You want to eat healthier and improve your fitness, but your partner doesn’t. How the heck do you navigate that without putting too much strain on your relationship?
Does this scenario sound familiar? You finish up your workout for the day, you’re at home chopping up some veggies and prepping to cook a healthy dinner, and you’re feeling super pumped about the awesome changes you’re making to your lifestyle. Then, your partner walks in and tells you they want pizza for dinner.
It can get tricky when you’re trying to get healthy, but your partner isn’t on the same page, especially if you live together. We spend so much time with our partners, and their diet and exercise habits can have a big effect on ours. When our partners are indulging in pizza and cakes and cookies, it can be really challenging to choose more nutrient-dense foods.
So, how can you stay on track with your nutrition and fitness goals and navigate a healthy relationship? It starts with communication, boundaries, and compromise.
Obviously getting your partner on board with your healthy habits will have huge advantages, the biggest one being that you automatically have an accountability buddy at home. But your partner doesn’t necessarily have to join you in order for you to be successful.
The first thing you can do is have an honest conversation about your health and fitness goals. It’s important to share why those goals are so important to you. Let them know what your plan is and talk about where they fit in your journey. Invite your partner to join you, but don’t expect them to do so. Even if you think they would benefit from joining you, your partner may not be ready to change their habits. Pushing them into something they really don’t want to do can create tension in your relationship. Acknowledge that this is their choice and accept that this is ok. Just because they’re not joining you doesn’t mean they can’t still be supportive.
Now that you’ve expressed your goals with your partner, you’ve opened up communication lines and you can start to work together when creating your grocery lists. What are foods they want? What are foods you want? Try to find a few healthy foods on your meal plan that you both want. Stay focused on developing your healthy habits, and you never know. Your new habits might start to rub off on your partner, especially as you start to see some awesome progress. And on that note, share your wins with your partner. Be sure to highlight how their support is helping you see progress towards your goals.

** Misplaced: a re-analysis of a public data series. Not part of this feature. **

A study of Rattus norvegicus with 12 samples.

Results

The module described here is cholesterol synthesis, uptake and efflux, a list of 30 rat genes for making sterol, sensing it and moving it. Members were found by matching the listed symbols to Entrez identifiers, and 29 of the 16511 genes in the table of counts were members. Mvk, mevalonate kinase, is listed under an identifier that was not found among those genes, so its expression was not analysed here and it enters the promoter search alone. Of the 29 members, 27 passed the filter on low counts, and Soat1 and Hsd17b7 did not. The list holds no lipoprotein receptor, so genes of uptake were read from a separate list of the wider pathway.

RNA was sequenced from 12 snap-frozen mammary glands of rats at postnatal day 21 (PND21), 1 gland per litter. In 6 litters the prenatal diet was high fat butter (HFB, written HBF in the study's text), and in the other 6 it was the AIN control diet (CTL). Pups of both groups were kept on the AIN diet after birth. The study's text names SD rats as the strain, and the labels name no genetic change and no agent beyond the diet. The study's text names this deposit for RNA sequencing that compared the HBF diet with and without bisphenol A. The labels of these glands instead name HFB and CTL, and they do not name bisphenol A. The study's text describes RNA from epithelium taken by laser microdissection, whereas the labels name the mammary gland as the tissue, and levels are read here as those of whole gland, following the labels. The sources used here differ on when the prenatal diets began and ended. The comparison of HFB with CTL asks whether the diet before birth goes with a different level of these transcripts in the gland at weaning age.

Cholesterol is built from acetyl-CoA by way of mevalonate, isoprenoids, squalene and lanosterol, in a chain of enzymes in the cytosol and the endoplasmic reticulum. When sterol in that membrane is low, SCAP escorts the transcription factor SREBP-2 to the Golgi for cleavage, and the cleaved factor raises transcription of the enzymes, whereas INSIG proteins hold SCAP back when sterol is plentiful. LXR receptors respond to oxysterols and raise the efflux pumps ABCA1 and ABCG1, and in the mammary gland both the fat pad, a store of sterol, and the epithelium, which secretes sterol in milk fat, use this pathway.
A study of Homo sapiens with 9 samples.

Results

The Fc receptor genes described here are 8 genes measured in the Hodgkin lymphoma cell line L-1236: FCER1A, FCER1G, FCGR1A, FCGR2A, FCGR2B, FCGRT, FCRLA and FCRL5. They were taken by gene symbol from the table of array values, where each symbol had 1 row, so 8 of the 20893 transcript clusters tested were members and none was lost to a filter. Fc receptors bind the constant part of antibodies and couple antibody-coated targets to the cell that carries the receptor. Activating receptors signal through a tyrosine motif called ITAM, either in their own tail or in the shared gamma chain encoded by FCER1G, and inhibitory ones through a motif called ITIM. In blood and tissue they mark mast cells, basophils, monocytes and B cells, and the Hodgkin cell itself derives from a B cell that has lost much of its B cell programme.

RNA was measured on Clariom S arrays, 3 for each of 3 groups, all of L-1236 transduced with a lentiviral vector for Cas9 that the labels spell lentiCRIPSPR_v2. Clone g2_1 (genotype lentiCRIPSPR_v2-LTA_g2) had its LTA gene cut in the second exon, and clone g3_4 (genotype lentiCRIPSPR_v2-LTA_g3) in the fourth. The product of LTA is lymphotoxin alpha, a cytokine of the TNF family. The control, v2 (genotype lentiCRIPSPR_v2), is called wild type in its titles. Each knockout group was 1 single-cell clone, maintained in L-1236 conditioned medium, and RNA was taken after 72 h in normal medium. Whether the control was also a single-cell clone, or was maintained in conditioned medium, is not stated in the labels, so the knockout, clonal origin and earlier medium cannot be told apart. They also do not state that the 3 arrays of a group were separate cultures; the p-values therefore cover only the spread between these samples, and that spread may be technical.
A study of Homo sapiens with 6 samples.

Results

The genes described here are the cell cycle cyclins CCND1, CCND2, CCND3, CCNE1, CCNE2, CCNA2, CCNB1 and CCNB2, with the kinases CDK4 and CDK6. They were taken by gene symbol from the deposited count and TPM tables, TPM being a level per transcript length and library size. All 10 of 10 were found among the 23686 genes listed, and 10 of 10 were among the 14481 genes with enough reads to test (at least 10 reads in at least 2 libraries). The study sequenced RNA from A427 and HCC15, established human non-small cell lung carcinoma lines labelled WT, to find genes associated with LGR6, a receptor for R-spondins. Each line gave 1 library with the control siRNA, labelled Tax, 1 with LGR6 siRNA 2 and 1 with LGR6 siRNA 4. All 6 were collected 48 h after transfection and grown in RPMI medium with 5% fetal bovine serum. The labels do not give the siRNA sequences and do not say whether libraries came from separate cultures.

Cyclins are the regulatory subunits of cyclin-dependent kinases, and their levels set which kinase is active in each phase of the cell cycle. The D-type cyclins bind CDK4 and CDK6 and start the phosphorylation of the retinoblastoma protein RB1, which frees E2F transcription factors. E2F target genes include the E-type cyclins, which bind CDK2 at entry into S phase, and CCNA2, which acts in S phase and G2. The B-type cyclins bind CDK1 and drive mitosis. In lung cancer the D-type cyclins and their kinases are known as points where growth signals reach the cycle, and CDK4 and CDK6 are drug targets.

Establishing healthy boundaries can also help you stick to your plan. Designate a certain area of the house, maybe a certain drawer or area of the pantry, where your partner can stash things that you’re trying to avoid. If cookies and chips are out of sight and hard to reach, you’ll be less tempted to eat them. Remember that YOU are in control of your behaviors. You cannot always control your surroundings. If you decide to indulge in your partner’s food, you cannot blame them! You must own your own behaviors.
It can also be helpful to discuss expectations around grocery shopping and cooking. Will you each be cooking your own meals? Will your partner have the same meal as you when you’re eating together? Challenge your partner to work with you to find a healthy recipe that they might feel excited about. Continue to try new recipes and you might find that your partner actually enjoys some of these healthier meals with you.
Find new ways to enjoy your time together. A lot of couples spend time going out to dinner, ordering food in together, or watching TV with snacks. Try finding some other activities you can do together that doesn’t involve food, like going for a bike ride, working on a puzzle, or doing some home improvement projects.
Stay consistent with your plan. Remember that you and your partner both have an effect on each other. Just like you can be affected by their unhealthy habits, it can also go the other way and you can have a positive impact on them.
Changing your nutrition and fitness habits can be challenging enough on your own and trying to navigate all of these changes with a partner to consider can add an extra level. Make sure you’re communicating clearly, setting healthy boundaries, and working together.
Good luck to those of you out there making some positive changes and if you need help, please reach out!